October 18, 2008

There are many ways you can introduce a unit on apples. Here are some of our favorites:

  • Go to an apple orchard
    Since every state has an apple orchard, it’s worth checking it out. To smell the sweet cider aroma mixed with the cinnamon donuts that were just made fresh, has to be experienced. The apple orchard may have tours or hay rides to take your children through the orchard.  The farmer may point out the proper way to pick an apple (gently twist the apple on the stem – if it comes easily, it’s ready to be picked). Children love picking their own apples off the tree. Some orchards have livestock available for your child to see or even feed. It makes a great family outing on a sunny fall day.
    A word to the wise: apples can only grow with the help of bees. It is better to explain to your child to leave the bees alone before you arrive and to model avoiding them. If you become frightened and run away from them, your children will too. Bees don’t intend to hurt people unless they feel threatened. If someone is accidentally stung, it is important to stay calm so you can help him/her. The first step is to remove the stinger. The stinger includes a venom sac, and that’s the part you’re worried about, it’s important not to pull on the stinger. This presses the venom sac and more of the venom is released, compounding the problem. Instead, use your fingernail or a credit card to scrape out the stinger, pushing it rather than pulling. With the stinger removed, apply ice compress to soothe the pain and swelling.

    If your child is allergic to bees or is experiencing swelling or vomiting, take him/her to emergency immediately.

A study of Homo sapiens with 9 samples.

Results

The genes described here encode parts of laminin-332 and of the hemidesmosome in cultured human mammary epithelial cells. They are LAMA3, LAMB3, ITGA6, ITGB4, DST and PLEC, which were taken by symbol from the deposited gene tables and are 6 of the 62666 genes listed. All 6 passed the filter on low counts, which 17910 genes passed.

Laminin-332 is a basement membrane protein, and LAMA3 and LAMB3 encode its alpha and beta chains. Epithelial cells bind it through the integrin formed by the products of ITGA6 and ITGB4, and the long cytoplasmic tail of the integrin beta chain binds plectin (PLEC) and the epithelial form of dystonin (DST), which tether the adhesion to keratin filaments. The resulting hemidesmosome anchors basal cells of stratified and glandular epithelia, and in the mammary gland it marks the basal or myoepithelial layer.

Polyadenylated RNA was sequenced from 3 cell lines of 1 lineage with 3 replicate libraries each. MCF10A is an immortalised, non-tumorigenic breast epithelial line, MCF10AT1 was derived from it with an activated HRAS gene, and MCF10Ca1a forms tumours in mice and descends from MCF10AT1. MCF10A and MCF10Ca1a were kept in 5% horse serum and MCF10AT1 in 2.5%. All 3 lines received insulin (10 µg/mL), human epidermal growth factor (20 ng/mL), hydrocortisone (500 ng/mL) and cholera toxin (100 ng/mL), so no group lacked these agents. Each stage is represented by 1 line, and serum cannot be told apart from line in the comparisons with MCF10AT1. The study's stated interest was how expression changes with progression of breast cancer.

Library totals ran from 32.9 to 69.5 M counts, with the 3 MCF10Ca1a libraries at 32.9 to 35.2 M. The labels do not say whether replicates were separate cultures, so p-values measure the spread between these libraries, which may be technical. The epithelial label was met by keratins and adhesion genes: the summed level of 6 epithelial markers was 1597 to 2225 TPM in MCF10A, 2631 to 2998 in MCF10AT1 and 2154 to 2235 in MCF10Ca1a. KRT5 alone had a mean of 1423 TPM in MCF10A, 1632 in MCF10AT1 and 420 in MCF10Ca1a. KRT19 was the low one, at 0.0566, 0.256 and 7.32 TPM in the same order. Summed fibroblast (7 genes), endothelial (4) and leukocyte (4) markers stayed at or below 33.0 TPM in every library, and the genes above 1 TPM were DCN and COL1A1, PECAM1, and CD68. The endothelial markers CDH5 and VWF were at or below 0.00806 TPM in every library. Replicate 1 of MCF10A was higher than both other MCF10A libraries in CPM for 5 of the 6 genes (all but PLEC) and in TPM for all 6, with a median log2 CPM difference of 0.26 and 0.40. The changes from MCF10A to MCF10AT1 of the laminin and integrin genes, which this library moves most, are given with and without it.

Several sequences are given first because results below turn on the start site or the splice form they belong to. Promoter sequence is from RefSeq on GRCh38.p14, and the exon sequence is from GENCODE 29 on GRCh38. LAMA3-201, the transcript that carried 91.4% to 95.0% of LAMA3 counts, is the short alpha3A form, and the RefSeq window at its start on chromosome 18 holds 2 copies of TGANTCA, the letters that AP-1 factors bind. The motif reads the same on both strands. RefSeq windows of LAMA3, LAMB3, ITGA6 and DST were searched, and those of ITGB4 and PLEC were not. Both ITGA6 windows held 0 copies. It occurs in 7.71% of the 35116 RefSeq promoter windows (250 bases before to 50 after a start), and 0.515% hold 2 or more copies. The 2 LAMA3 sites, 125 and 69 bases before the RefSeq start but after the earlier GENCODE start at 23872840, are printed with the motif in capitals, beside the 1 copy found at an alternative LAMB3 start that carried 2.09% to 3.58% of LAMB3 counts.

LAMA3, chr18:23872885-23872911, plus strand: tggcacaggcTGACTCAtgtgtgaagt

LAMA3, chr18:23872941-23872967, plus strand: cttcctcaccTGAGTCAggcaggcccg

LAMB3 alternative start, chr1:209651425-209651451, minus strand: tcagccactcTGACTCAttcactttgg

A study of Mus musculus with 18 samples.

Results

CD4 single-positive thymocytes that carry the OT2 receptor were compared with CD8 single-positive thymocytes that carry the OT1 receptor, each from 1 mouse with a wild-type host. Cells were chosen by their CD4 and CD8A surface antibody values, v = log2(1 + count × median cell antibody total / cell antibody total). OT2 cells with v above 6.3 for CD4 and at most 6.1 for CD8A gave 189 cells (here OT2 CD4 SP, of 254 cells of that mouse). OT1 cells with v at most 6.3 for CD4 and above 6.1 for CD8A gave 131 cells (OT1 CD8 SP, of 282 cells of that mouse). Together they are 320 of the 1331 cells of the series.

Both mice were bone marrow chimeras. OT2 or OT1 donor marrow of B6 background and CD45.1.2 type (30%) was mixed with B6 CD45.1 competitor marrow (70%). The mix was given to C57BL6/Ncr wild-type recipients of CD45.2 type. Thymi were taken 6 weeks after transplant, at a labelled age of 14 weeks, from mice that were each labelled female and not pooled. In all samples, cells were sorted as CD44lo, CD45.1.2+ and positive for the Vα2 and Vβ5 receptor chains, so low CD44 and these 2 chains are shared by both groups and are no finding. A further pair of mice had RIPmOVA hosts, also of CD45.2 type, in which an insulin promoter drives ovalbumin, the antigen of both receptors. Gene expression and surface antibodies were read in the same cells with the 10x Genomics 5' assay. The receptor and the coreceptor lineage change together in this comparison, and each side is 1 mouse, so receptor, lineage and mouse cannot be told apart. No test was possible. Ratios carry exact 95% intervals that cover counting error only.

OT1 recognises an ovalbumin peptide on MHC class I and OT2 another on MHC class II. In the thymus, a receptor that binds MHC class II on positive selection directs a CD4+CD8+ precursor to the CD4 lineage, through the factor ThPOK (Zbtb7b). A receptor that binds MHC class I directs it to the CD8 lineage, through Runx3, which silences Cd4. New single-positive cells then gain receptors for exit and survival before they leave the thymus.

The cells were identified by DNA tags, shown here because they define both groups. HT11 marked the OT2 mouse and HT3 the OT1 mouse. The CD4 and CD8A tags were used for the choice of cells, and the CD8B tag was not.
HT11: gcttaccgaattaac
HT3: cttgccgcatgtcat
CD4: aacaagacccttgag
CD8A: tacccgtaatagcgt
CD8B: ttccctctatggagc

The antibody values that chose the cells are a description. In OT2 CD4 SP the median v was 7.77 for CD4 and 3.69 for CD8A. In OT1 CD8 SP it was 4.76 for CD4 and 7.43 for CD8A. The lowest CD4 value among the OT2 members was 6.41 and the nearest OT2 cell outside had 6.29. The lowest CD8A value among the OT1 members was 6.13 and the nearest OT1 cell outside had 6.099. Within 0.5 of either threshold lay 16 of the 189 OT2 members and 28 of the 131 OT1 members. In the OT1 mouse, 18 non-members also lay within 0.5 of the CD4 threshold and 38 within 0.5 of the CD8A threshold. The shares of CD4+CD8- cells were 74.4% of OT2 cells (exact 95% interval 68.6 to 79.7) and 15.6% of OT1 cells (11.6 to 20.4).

• Compare different types of apples: Going to the fruit market or grocery store can be an adventure for your child.
  • Cook with apples
    When you start talking about learning more about apples, it’s always important to find out what your child knows or remembers about apples and what she would like to learn more about them. Giving your child an opportunity to cook, with you assisting, is always a great way to get her interested. There is apple pie, apple sauce, apple butter, apple crisp, apple strudel, baked apples, apple turnovers, apple fritters, caramel apples, apple cider and the list goes on and on. Since apples are found in China, Poland and Italy, I’m sure that there are international recipes that we aren’t as familiar with that your family may enjoy. You could find a new apple recipe to try together.
  • Read about apples
    There are a huge selection of books on apples that range in length and depth each depending on the age and interest level of your child. If your child is interested in more details, like how do they really graft a branch or how do the bees help pollinate, there are excellent books that lay out the facts with pictures and text written for a child’s understanding. Here is a selection of some of the titles I found that were informative and a variety of reading levels.
  • Do activities with apples
    You can also dive right in and introduce the apple unit with the first activity that follows –comparing apples by: color, smell and then, by tasting them. Our test buddy had a lot of fun doing the activities that follow. We were planning on taking him to the apple orchard but they weren’t open for the cider season yet so we went with Plan B. With any activity, it pays to have options and to go with the flow.